Red-striped Oil Beetle – Berberomeloe majalis or Meloe majalis SPANISH: Curilla or Aceitera
Family Carabidae (Ground Beetles)
Distribution: Most of Iberia, Southern France and the coastal regions of North Africa.
Very striking and noticeable, Red-striped Oil Beetles, or Blister Beetles as they are also known, are large beetles that can reach a length of around 6 cm. The basic ground colour is black and each body segment has a red or orange stripe crossing it. The legs are positioned towards the front of the beetle’s body, leaving the rest of its bulk unsupported, which means the cylindrical abdomen has to be dragged across the ground. Although there are tiny elytra on the thorax, the beetles are unable to fly.
The presence of the beetles tends to be localized, but if the habitat and conditions are favourable, numbers of them may be seen gathered together. They favour areas with sandy soil in areas of scrub or light woodland or orchards. The presence of flowers to attract bees is vital as solitary bees play a crucial role in the development of the beetle’s larvae.
The female is much larger than the male with the shape and colouration being the same. A male will follow a female persistently until he is accepted as a mate. After mating the female lays thousands of eggs in the ground, selecting sites that are in the vicinity of solitary bees. Once hatched, the elongated larvae climb up to reach a flower and await the arrival of a bee, that must be a solitary bee. With their strong claws they attach themselves to the bee’s back in order to be carried back to the bee’s nest. Once inside the nest the beetle larva consumes one of the host’s eggs and takes up residence in the cell in its place. They continue to grow by feeding on the food mass stored for the bee pupa.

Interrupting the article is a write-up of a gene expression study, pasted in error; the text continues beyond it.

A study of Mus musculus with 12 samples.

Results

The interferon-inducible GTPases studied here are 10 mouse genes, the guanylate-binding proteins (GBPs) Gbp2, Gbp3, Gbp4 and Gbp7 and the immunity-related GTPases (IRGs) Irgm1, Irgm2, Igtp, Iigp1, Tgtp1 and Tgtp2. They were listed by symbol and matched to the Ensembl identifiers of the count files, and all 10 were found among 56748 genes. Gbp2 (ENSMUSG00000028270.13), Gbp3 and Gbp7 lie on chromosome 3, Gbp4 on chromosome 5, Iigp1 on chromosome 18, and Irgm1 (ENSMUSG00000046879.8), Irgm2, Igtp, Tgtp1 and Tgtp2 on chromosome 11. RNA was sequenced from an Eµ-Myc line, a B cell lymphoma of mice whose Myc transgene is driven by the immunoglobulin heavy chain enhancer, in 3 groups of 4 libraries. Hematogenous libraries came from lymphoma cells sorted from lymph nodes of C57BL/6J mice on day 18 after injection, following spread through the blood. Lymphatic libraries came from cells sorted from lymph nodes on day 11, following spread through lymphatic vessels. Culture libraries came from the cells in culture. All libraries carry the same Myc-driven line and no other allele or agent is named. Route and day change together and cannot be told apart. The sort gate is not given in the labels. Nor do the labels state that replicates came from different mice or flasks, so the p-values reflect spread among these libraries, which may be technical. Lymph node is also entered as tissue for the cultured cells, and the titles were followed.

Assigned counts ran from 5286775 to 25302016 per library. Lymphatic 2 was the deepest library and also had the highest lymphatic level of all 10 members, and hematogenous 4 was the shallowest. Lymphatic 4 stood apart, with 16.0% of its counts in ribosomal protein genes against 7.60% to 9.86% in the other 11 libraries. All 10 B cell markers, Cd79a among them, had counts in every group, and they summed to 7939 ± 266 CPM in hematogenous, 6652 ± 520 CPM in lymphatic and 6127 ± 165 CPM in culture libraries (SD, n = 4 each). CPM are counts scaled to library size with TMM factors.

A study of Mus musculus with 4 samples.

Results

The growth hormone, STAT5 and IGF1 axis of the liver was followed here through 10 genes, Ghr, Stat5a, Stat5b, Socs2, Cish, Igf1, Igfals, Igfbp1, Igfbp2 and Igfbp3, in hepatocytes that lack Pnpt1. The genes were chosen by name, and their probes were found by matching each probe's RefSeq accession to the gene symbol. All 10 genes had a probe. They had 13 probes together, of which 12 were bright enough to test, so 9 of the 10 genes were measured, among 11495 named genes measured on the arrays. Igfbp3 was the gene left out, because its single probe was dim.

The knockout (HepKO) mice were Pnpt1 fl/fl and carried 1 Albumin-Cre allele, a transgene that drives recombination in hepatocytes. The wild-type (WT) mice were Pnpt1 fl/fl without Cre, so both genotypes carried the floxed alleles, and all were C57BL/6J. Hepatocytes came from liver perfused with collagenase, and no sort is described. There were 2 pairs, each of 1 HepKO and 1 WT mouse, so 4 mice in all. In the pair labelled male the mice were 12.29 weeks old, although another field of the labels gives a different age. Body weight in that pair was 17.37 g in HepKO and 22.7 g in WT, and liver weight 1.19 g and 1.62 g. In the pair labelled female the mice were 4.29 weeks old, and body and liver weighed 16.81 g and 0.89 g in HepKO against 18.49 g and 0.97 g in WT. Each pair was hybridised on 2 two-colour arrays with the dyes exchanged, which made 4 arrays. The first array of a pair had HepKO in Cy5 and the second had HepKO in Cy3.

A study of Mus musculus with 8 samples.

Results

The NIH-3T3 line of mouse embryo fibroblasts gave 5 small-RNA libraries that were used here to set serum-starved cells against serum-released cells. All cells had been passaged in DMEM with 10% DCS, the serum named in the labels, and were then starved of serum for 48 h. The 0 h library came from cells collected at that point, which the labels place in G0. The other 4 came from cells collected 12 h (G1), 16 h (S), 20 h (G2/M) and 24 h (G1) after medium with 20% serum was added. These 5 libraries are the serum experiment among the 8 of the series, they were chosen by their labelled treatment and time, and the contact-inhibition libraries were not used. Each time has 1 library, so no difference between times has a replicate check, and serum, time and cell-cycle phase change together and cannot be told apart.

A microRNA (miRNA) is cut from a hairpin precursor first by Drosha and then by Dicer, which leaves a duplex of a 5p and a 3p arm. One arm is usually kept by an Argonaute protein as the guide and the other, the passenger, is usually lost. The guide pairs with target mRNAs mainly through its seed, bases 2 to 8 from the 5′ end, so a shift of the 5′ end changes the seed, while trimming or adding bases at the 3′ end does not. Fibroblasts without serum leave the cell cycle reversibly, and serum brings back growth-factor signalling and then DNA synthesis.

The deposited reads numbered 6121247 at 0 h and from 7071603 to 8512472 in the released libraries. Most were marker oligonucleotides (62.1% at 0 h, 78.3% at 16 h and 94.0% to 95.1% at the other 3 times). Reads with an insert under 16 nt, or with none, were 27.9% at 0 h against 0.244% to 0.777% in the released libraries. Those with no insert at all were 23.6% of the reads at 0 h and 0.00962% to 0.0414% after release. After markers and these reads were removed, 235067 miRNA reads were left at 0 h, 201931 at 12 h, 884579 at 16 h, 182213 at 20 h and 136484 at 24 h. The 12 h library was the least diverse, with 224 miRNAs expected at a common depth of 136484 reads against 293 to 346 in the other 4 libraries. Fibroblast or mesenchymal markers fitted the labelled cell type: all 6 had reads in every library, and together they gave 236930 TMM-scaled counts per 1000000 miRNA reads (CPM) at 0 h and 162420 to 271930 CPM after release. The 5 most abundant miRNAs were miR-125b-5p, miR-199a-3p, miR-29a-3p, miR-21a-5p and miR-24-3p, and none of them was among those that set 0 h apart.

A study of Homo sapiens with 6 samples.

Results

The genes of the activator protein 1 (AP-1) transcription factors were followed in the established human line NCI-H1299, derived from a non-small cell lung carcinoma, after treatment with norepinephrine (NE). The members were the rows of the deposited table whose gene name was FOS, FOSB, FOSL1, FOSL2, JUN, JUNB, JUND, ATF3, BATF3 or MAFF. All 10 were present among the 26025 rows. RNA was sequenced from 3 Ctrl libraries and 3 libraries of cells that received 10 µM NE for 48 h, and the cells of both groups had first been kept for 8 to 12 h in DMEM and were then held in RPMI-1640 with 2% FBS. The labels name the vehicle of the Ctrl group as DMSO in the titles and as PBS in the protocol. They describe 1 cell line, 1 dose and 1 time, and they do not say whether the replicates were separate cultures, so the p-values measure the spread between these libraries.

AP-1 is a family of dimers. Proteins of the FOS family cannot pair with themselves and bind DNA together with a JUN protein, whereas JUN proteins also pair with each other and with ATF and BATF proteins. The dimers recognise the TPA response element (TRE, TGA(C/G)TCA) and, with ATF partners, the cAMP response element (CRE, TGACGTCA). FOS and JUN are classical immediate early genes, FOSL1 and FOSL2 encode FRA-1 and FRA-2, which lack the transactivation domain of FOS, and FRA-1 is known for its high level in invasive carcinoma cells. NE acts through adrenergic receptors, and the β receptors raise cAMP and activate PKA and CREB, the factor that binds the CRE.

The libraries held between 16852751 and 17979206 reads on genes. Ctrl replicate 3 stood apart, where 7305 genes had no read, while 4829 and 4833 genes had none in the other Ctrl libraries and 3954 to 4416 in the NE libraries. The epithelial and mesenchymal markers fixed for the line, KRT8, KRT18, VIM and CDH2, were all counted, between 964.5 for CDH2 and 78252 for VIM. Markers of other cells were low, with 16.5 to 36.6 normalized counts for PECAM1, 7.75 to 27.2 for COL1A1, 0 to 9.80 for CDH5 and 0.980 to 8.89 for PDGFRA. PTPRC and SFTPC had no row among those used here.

Many eggs are laid by the female Oil Beetle, but few will reach maturity due to the complexity of the chain of events necessary for a larva to secure a place in a bee’s nest where it can grow and complete its transformation. When fully matured they leave the bee’s nest, and in adult form are herbivores, feeding on different plant leaves and flowers.
HOW THE BEETLE GOT ITS NAME
The Beetle carries the classic warning colours of black and red with good reason; it is not a creature to be messed with! If an adult beetle feels threatened, a defence mechanism is to secrete an oily substance that is toxic, hence the common English name of ‘Oil Beetle’. The alternative name ‘Blister Beetle’ derives from the effect the liquid can have on a person’s skin; contact may cause skin to blister and will be extremely painful if it makes contact with your eyes.
hi have one here now on the patio. Thanks for telling me it¡s toxic. Just in case I was stupid enough to pick it up!!
Lucky you, they’re fascinating aren’t they? You can see why they’d have to protect themselves with nasty substances though – an insect that size would keep a hungry bird or lizard going for quite a while otherwise!